Education in Tobago

History of education and the importance of education in Tobago

Education in Tobago strives for academic excellence and also for spiritual and moral fortitude.

The fact that Tobago enjoys an extraordinarily high literacy rate of 98% is no accident.

Great emphasis is placed not only on students’ academic enrichment but also on their moral and spiritual development as well.

Qualified and dedicated teachers constantly challenge their students to excel academically even as the teachers try to instill moral and spiritual values in them.

Education and the Church

After slavery, primary education was left in the hands of the Church. Parochial schools at the primary/elementary level were run by the Anglican, Methodist, Moravian, and later the Roman Catholic churches.

The parish priest was effectively the head of all schools of his denomination in his parish.

Government’s involvement in Education

It was not until the 20th century that the government got actively involved in the education of its people.

Today, there are a few totally government run primary schools, but for the most part, education in Tobago at the primary/elementary level is still managed by the Church with some Government assistance.

However, the government is heavily involved at the high school or secondary school level. The Government offers free education both at the primary and the secondary school levels.

Also, for those who can get admitted to the regional university, the University of the West Indies(UWI), undergraduate education is free.

Primary Schools are shining examples of excellence

The primary schools in Tobago are exemplary in their dedication to creating well rounded students.

This dedication to the most optimal development of their students is common in all areas on the island.

This is true from the largest school in the most populated part of the island, St Andrews Anglican Primary School, to other schools in the farthest reaches of the island like Delaford EC School and Delaford RC School and even further east, Charlotteville Methodist Primary School.

St Andrews Anglican Primary School

St Andrews Anglican Primary School was built in 1990 in Calder Hall, Scarborough.

It combined and replaced two schools – the Scarborough Anglican Senior School and the Scarborough Junior School.

These schools were previously named the Scarborough Boys Anglican and the Scarborough Girls Anglican which were merged into a co-educational system in 1977.

Built to house 510 students, St Andrews Anglican Primary School is the largest primary school on the island.

In its short 19 years of existence, it has become legendary in its achievement and standard of excellence. It is one of the primary pillars of primary education in Tobago.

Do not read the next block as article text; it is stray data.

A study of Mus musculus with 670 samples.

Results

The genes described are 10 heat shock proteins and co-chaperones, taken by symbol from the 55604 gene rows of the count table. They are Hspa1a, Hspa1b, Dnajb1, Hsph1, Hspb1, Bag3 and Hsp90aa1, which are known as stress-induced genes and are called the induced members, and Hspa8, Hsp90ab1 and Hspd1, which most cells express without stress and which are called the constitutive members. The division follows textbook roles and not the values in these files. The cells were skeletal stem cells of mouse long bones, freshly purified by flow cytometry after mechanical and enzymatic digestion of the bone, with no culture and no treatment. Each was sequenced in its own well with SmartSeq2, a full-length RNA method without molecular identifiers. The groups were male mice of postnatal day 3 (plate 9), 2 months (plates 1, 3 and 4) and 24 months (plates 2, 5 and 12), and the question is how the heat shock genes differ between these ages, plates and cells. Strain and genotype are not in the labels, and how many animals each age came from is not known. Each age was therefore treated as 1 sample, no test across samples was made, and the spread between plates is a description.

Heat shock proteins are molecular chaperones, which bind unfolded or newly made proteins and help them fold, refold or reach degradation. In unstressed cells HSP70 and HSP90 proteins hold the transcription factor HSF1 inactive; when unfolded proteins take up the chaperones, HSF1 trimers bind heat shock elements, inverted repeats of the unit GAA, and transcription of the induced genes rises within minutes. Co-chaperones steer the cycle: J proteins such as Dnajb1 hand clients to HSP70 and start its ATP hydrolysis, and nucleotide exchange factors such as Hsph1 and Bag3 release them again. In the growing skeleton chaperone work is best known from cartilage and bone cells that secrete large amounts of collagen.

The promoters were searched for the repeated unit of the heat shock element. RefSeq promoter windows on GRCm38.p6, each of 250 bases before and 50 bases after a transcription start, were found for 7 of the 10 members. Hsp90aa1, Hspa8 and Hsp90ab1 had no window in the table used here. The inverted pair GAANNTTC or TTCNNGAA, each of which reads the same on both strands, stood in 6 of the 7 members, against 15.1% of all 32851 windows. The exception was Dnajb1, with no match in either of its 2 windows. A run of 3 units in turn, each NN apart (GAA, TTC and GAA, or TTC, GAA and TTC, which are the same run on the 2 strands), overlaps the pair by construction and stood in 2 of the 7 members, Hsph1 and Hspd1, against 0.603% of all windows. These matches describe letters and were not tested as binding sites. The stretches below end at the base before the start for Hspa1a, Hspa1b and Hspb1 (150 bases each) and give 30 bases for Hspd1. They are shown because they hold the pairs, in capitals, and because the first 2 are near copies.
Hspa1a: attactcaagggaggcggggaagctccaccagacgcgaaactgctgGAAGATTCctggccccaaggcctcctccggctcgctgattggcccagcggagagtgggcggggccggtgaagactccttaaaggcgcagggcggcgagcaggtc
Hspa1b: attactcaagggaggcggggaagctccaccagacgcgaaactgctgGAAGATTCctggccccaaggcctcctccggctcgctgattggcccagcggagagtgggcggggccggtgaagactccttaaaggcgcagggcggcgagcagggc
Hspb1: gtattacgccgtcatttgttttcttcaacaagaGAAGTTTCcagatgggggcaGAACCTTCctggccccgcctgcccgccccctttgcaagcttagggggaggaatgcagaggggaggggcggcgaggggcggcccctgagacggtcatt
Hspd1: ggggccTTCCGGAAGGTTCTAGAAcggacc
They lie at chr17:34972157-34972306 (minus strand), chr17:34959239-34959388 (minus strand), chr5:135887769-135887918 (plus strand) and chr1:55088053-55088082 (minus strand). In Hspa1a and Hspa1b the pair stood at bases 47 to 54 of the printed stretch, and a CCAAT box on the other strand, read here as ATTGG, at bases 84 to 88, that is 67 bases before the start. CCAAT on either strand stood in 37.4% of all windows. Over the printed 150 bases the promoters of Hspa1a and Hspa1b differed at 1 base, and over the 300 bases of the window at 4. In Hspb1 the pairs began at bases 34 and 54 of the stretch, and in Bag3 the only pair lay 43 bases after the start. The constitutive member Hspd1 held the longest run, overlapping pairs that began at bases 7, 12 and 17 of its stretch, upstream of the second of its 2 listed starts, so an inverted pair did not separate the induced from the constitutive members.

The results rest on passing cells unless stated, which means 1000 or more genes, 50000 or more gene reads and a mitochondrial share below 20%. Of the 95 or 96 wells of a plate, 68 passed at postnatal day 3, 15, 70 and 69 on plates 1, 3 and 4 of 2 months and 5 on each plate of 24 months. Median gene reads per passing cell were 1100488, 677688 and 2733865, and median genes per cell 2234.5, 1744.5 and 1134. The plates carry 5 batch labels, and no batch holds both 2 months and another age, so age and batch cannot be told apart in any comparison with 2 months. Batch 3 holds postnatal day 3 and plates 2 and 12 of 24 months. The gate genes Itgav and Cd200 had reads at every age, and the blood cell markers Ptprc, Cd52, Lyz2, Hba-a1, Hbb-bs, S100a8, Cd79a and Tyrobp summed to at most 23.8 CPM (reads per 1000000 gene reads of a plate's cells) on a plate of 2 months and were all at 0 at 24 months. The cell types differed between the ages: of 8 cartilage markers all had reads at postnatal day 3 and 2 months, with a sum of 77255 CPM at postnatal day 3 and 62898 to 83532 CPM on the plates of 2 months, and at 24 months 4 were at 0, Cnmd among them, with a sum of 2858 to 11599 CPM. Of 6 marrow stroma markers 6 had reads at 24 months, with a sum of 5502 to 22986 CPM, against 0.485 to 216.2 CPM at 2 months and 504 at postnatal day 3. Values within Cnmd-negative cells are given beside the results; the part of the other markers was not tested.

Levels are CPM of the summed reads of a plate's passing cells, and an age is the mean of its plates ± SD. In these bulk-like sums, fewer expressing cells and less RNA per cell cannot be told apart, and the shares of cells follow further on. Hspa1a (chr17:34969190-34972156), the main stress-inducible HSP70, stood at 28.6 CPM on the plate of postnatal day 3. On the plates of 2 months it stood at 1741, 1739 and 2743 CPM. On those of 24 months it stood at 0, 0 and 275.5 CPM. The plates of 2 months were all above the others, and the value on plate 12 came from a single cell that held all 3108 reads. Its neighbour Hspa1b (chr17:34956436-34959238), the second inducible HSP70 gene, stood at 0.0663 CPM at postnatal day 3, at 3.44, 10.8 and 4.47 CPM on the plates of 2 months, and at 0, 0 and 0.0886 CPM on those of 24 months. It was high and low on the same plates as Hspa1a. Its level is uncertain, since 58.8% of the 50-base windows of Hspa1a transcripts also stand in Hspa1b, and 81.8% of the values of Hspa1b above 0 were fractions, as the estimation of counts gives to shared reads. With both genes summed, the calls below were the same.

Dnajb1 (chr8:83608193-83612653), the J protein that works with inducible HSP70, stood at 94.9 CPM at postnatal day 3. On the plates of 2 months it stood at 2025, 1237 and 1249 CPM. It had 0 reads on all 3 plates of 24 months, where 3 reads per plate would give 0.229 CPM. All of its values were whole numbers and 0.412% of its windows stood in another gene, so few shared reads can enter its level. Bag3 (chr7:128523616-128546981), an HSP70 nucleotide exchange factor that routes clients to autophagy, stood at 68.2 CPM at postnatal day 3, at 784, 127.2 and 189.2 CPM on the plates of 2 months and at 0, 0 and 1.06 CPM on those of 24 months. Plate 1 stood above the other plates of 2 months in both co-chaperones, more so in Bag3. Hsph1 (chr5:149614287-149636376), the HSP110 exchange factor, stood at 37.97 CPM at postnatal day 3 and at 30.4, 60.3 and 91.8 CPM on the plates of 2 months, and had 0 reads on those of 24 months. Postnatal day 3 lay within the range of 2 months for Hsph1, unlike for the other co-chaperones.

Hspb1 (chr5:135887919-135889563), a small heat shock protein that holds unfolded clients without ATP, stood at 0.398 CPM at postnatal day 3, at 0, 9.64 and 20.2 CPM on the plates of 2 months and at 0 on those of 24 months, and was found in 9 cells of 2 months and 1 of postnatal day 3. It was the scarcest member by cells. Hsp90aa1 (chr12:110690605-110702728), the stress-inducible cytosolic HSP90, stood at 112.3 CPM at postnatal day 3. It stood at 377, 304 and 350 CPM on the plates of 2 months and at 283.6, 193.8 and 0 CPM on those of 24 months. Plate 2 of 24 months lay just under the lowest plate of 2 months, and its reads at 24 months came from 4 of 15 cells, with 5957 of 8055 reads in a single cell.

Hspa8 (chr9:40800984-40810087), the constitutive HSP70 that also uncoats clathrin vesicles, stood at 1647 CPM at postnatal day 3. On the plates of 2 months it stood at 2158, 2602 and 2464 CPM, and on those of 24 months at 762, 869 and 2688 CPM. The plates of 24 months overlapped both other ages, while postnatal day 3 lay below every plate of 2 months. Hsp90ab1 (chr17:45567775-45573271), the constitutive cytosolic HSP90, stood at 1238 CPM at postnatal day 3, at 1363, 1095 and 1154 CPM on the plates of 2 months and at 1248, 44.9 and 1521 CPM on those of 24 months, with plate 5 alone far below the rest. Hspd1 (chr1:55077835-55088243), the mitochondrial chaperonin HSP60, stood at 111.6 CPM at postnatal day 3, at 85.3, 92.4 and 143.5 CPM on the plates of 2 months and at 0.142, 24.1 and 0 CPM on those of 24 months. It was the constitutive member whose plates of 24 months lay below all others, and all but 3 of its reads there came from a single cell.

Staffed with a mixture of veteran and young energetic teachers, it has become the standard bearer of excellence and the school to emulate or exceed in Tobago.

Delaford RC School

In 2009, Delaford RC School had the distinction of having the highest and most passes on the island in the Common Entrance Exam or SEA -- a placement exam for entry into High School.

The Common Entrance Class at Delaford RC is taught by a fine, dedicated and upstanding young man whose love for his students can not be eclipsed. He even gives free lessens to his students even on his days off.

That degree of dedication to education in Tobago is quite common in the Primary School System.

This early foundation has proven to be of sterling value, and for many years, students from the Tobago school system have gone on to become productive men and women in all fields and spheres of life.

The moral and spiritual values instilled in students at this early stage have provided them with a foundation and a value system that have paid huge dividends.

It has also resulted in having an island with an extremely low crime rate.

Charlotteville Methodist Primary School

Another elementary school that is doing particularly exciting work is the Charlotteville Methodist Primary School.

The school is a shining example of the dedication of conscientious educators that aid children in academic enrichment and moral and spiritual development.

Brain Drain?

Although primary education in Tobago has been exemplary, and Tobago enjoys such a high literacy rate, in the past the island suffered a high degree of brain drain.

That was because after high school, to secure or attain higher education, one had to migrate.

Also, after attaining higher education, employment on the island was scarce and many people with higher educational degrees had to find employment elsewhere.

But times are changing. Tobago has shot forward! Development on the island has taken on an urgent pace.

Even though still plagued by some developmental shortcomings, Tobago is forging forward and many holders of higher academic and professional certificates and skills are returning home to Tobago to find employment or engage themselves in some entrepreneurial endeavor.